The U.S. Commodity Futures Trading Commission (CFTC) has filed charges against 14 crypto companies – 12 the regulator says failed to register as futures commission merchants (FCMs) and two more that allegedly lied about being registered with the CFTC.
The 12 relatively unknown options merchants accused of failing to register with the CFTC are New York-based, according to a Wednesday press release. The two companies that are accused of “making false and misleading claims of having CFTC registration and National Futures Association (NFA) membership”– Climax Capital FX and Digitalexchange24.com – are based in Texas and Arkansas, respectively.
The CFTC oversees derivatives markets rather than spot commodity markets. Rather than regulating commodities themselves, the CFTC regulates futures contracts and derivatives products like swaps.
The CFTC has traditionally taken more of a backseat role in crypto regulation than the U.S. Securities and Exchange Commission (SEC), but there are signs this might be changing as the two regulatory bodies jockey for power.
Earlier Wednesday, crypto exchange Kraken agreed to pay $1.25 million to settle charges with the CFTC after the regulator accused Kraken of failing to register as an FCM and offering illegal margined digital asset transaction services.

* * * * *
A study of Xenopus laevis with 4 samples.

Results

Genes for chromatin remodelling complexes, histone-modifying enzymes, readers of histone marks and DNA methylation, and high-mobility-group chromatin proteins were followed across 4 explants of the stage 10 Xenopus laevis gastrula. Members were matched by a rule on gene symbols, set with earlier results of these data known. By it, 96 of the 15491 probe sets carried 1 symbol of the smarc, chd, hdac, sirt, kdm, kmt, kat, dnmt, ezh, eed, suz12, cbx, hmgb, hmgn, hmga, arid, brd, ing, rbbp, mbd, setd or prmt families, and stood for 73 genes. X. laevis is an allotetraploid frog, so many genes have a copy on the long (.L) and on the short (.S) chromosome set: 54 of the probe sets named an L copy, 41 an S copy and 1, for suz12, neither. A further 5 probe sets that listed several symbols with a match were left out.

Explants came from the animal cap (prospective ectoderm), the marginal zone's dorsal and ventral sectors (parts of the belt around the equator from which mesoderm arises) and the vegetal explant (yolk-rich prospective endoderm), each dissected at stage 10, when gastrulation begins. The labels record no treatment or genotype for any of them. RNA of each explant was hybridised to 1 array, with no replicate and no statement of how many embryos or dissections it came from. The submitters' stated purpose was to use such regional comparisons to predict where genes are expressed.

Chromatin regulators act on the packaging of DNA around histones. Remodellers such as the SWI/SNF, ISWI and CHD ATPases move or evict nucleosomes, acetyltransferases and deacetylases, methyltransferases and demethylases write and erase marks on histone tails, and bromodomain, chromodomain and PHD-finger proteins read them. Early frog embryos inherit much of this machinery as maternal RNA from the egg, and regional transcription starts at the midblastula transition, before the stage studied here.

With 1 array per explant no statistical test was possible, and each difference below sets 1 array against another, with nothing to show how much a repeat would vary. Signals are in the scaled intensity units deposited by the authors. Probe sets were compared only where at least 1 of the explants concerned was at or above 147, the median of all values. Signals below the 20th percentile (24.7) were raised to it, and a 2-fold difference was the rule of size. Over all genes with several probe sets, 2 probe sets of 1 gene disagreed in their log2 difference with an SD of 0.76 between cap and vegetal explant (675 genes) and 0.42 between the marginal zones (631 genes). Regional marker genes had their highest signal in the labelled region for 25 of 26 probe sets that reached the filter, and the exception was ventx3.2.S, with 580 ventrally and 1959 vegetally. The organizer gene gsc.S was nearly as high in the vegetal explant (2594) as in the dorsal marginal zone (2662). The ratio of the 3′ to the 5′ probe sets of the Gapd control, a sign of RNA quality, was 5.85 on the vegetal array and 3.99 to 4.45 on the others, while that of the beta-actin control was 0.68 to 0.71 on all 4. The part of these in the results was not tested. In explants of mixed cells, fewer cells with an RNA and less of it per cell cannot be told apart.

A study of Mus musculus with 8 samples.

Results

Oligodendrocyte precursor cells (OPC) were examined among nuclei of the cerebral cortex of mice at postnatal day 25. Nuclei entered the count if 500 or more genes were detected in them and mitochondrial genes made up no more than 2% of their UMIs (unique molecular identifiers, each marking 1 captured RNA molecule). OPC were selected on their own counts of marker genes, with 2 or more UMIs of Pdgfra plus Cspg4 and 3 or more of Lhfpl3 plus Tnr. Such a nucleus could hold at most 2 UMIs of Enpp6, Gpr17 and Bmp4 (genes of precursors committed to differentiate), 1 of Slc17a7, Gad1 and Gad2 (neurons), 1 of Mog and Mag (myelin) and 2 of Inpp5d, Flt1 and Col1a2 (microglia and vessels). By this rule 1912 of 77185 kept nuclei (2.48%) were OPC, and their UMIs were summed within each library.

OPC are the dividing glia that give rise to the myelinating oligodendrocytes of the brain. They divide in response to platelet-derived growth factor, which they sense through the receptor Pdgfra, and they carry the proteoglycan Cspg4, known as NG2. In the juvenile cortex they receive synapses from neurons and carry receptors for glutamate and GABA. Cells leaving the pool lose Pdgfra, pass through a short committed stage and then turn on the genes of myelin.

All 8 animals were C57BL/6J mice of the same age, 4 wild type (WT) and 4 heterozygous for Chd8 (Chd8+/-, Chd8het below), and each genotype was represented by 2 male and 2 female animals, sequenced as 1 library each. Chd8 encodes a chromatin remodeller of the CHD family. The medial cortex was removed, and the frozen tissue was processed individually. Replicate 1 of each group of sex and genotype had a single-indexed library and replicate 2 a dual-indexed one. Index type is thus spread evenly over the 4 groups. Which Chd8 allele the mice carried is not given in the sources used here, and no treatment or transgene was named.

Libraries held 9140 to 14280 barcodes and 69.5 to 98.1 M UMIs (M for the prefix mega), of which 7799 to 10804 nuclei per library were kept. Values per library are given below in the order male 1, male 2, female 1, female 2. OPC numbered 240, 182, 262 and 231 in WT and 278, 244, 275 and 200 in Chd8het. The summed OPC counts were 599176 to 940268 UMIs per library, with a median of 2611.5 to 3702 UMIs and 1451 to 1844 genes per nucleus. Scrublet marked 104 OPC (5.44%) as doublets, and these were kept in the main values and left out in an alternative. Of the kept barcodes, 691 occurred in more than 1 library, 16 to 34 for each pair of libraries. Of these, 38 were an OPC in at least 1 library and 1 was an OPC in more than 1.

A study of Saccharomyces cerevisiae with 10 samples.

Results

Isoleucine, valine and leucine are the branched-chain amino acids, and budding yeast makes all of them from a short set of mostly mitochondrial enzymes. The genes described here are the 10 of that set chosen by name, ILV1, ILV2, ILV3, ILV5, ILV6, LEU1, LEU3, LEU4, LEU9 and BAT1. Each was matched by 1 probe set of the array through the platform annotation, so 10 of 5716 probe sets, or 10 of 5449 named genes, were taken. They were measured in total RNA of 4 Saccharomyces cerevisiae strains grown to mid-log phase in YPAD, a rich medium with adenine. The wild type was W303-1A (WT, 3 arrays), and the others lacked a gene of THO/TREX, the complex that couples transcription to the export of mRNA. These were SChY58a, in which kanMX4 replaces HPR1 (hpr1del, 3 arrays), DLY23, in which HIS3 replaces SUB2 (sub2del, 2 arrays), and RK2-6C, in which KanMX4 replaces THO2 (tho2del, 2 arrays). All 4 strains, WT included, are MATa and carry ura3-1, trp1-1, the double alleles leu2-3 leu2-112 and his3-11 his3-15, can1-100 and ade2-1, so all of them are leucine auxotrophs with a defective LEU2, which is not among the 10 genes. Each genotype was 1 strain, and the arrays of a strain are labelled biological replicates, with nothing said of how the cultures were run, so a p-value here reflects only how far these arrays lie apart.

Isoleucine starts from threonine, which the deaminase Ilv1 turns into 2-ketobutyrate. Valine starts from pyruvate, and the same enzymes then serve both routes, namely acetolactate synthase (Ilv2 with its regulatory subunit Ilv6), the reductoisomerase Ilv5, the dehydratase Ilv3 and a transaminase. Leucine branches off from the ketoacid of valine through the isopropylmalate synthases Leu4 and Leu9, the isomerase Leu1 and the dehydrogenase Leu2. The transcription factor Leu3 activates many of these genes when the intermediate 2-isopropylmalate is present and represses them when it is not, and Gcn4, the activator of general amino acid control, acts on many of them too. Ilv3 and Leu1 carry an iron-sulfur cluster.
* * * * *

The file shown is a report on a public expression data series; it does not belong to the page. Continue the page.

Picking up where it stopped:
The CFTC also brought a high-profile suit against BitMEX, which it accused of offering U.S. customers leveraged and unlicensed crypto products. BitMEX agreed to pay a $100 million dollar fine to settle the civil charges.
With the announcement on Tuesday that Commissioner Dan Berkovitz would be departing the CFTC to serve as the SEC’s general counsel under Chairman Gary Gensler, the normally five-person CFTC will be operating with a skeleton crew of only two commissioners: Commissioner Dawn Stump and Acting Chairman Rostin Behnam.
The leader in news and information on cryptocurrency, digital assets and the future of money, CoinDesk is an award-winning media outlet that strives for the highest journalistic standards and abides by a strict set of editorial policies. In November 2023, CoinDesk was acquired by Bullish, a cryptocurrency exchange, which in turn is owned by Block.one, a firm with interests in a variety of blockchain and digital asset businesses and significant holdings of digital assets including bitcoin and EOS. CoinDesk operates as an independent subsidiary, and an editorial committee, chaired by a former editor-in-chief of The Wall Street Journal, is being formed to support journalistic integrity.